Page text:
Last night's tweets;
I only want one very long hour.
Fluttering slow as the rubber bat flies.
Yesterday's tea seems to have gone sour.
Most minotaurs are terribly bad spies.
Okay, here's my second attempt at a post. I started writing a long analysis of Dodes'ka-den, which I watched on Friday, but I'm so tired right now forcing my thoughts through is like pushing Play-Doh through a balloon. Yeah, it doesn't make sense and it's impossible.
Lots of noises starting here to-day at around noon and I stayed up too late--just before I went to sleep at 4:40am, I had this weird urge to start watching Goldfinger. I only watched the beginning. I started wondering if James Bond's less than flattering portrayal in the third League of Extraordinary Gentlemen book is due to Sean Connery's instrumental role in making the film adaptation of League of Extraordinary Gentlemen a piece of shit. But Bond's unabashed and oddly guileless misogyny is certainly a ripe and satisfying target for parody, too rarely exploited.
It's remarkable what babies men can be, at least the ones who fancy themselves as the furthest thing possible from babies. Goldfinger seems to go out of its way to create a safe and gentle environment for a man to slap women's asses and dismiss their thoughts you wonder how anyone watching could possibly take such a worldview seriously. I started thinking about Artie Lange on The Howard Stern Show last week, who, as much as I like him, can become really tiresome in his pronouncements on the stupidity of women. He's a smart man, and he does bring up genuine examples of stupid women, but he seems to hold female stupidity as greater cause for retribution than male stupidity or ineptitude, something that was emphasised for me last week when Lange shared his surprising tendency to write rather soppy amateur poems for his girlfriends. Of course, he expects them to value the poems for his evident loving intentions rather than for the quality of the work, a consideration he too rarely seems interested in reciprocating.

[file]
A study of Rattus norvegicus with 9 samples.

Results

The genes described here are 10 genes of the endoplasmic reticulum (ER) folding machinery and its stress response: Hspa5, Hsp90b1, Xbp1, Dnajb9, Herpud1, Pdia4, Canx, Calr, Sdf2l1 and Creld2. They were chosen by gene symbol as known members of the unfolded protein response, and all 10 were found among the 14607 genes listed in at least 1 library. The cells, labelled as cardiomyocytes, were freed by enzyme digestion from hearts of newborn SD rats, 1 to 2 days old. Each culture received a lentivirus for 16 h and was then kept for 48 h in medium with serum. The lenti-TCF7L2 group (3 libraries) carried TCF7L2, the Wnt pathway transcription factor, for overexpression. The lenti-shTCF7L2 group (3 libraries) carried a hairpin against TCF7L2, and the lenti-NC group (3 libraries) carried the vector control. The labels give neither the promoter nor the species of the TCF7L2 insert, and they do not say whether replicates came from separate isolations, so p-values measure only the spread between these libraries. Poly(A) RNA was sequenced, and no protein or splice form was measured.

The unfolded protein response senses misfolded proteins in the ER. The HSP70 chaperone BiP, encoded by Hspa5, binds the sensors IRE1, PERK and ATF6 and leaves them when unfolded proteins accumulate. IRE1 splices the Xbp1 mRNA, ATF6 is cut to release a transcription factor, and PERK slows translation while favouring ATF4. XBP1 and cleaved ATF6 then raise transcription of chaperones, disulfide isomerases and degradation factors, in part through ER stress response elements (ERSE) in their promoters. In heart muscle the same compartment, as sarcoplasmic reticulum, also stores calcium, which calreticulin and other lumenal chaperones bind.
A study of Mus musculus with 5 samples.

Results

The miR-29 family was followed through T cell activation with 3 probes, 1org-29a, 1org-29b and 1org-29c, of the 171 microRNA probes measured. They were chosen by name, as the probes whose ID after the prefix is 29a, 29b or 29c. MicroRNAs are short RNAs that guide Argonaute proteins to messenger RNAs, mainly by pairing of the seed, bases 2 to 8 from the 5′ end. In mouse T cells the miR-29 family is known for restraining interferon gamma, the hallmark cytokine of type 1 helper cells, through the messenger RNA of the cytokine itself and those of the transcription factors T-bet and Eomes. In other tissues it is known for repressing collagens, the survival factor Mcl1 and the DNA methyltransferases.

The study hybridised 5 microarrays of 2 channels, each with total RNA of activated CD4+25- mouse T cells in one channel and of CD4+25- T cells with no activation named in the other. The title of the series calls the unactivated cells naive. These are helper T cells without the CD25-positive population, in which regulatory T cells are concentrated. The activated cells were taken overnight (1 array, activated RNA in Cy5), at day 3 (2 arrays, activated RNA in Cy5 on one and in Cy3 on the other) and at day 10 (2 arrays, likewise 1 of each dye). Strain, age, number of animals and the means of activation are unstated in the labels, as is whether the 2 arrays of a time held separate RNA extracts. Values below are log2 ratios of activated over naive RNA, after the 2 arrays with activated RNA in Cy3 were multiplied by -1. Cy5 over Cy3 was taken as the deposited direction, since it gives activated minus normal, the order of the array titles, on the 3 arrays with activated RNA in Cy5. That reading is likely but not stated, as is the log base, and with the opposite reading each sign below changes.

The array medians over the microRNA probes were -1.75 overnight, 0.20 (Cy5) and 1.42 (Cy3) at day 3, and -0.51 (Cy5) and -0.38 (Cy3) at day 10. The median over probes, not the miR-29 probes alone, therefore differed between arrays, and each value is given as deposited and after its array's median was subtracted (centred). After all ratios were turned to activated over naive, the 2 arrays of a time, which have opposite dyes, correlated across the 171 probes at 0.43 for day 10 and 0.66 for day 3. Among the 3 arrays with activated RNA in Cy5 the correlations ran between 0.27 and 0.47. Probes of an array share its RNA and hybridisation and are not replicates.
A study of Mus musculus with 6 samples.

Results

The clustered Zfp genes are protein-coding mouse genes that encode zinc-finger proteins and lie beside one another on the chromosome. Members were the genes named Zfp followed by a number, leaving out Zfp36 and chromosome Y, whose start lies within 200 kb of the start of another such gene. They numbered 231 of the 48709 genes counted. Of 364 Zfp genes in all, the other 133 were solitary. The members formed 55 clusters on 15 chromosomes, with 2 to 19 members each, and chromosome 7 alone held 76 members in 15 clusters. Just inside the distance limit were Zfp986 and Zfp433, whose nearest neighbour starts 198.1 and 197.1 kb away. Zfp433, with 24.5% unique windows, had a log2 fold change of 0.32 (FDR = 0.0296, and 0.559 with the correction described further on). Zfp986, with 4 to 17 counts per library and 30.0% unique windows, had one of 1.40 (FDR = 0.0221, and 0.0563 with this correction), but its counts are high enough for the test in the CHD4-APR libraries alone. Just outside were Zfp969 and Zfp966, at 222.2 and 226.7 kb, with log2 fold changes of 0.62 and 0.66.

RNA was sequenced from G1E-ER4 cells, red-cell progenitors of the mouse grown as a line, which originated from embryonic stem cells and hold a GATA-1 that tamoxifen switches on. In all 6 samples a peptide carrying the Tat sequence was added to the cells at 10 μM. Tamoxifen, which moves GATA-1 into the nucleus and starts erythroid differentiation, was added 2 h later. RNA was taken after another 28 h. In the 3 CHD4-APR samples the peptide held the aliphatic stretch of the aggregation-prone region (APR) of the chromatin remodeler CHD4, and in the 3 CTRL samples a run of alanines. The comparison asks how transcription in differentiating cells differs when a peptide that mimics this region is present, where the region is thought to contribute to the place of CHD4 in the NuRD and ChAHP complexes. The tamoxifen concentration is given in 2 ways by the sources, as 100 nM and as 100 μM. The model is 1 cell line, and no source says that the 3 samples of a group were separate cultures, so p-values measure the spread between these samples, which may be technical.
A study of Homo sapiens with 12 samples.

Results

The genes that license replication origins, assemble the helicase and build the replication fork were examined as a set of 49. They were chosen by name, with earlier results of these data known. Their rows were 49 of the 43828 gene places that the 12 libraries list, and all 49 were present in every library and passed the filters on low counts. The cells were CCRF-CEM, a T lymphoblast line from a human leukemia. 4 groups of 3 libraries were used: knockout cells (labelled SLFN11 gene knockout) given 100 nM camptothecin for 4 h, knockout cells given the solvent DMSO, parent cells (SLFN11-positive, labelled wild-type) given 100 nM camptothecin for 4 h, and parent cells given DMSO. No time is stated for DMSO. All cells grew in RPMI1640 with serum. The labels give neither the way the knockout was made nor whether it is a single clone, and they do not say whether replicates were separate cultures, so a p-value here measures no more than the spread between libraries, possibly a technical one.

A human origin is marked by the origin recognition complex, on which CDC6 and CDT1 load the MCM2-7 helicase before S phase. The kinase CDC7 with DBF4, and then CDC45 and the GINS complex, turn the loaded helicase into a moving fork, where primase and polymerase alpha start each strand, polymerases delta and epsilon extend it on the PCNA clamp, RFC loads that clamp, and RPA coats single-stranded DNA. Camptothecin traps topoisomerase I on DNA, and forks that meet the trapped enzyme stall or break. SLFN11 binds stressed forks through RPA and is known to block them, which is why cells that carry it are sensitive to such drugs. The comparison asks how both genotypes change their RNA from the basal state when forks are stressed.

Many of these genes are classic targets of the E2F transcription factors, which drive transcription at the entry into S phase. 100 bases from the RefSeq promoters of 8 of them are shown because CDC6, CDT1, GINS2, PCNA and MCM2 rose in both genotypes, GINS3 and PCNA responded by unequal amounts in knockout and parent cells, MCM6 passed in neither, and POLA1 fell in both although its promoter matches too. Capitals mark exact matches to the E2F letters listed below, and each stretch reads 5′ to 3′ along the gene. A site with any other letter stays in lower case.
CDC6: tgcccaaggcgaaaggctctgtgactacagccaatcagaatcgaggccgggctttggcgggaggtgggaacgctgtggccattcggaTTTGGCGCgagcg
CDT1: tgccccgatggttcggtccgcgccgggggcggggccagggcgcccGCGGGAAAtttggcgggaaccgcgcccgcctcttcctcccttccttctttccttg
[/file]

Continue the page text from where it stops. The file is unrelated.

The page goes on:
I can only really feel bad for him at this point, though, because it sounds like he's got a new girlfriend who's destined to completely break his heart. He picked her up at a tanning salon, and within weeks she appears to utterly adore him. One M.O. in life I've come to really dislike is that of the excessive flatterer. I can't really hate the person, because they mean well and are likely totally ignorant of what they're really doing, but I've seen it time and again--people who translate their great enthusiasm for someone or something new into words of unequivocal praise. People who lack an awareness and control of their emotions--ire for them may not seem necessary, but then you need to think of the people who take the flattery seriously. Artie, for example, who's obviously not sensitive to all the relevant issues in the relationship between men and women. One could say Artie deserves the incoming pain when the woman's enthusiasm inevitably dims and he realises the flattery was based more on her feelings than on her accurate impressions of his nature. But while Artie might be a misogynist, he's also a guy who gave thirteen thousand dollars to a woman with cancer who called into the show, which is only one example of Artie's habitual generosity and apparent genuine desire to do good. Too often, punishment's dealt without consideration of the offender's intentions and basic nature. Roger Ebert, in one of his reviews the other day, quoted from Citizen Kane, the bit where Gettys told Kane that he's going to need more than one lesson, and he's going to get it. One might observe that Kane didn't learn anything from the sort of "lessons" Gettys meant, in fact, the effect of pain only seemed to further atrophy Kane's better qualities.
I guess there's something to be said for treating infantile men with gentleness, though such gentle techniques probably ought to be of more substantial content than Goldfinger.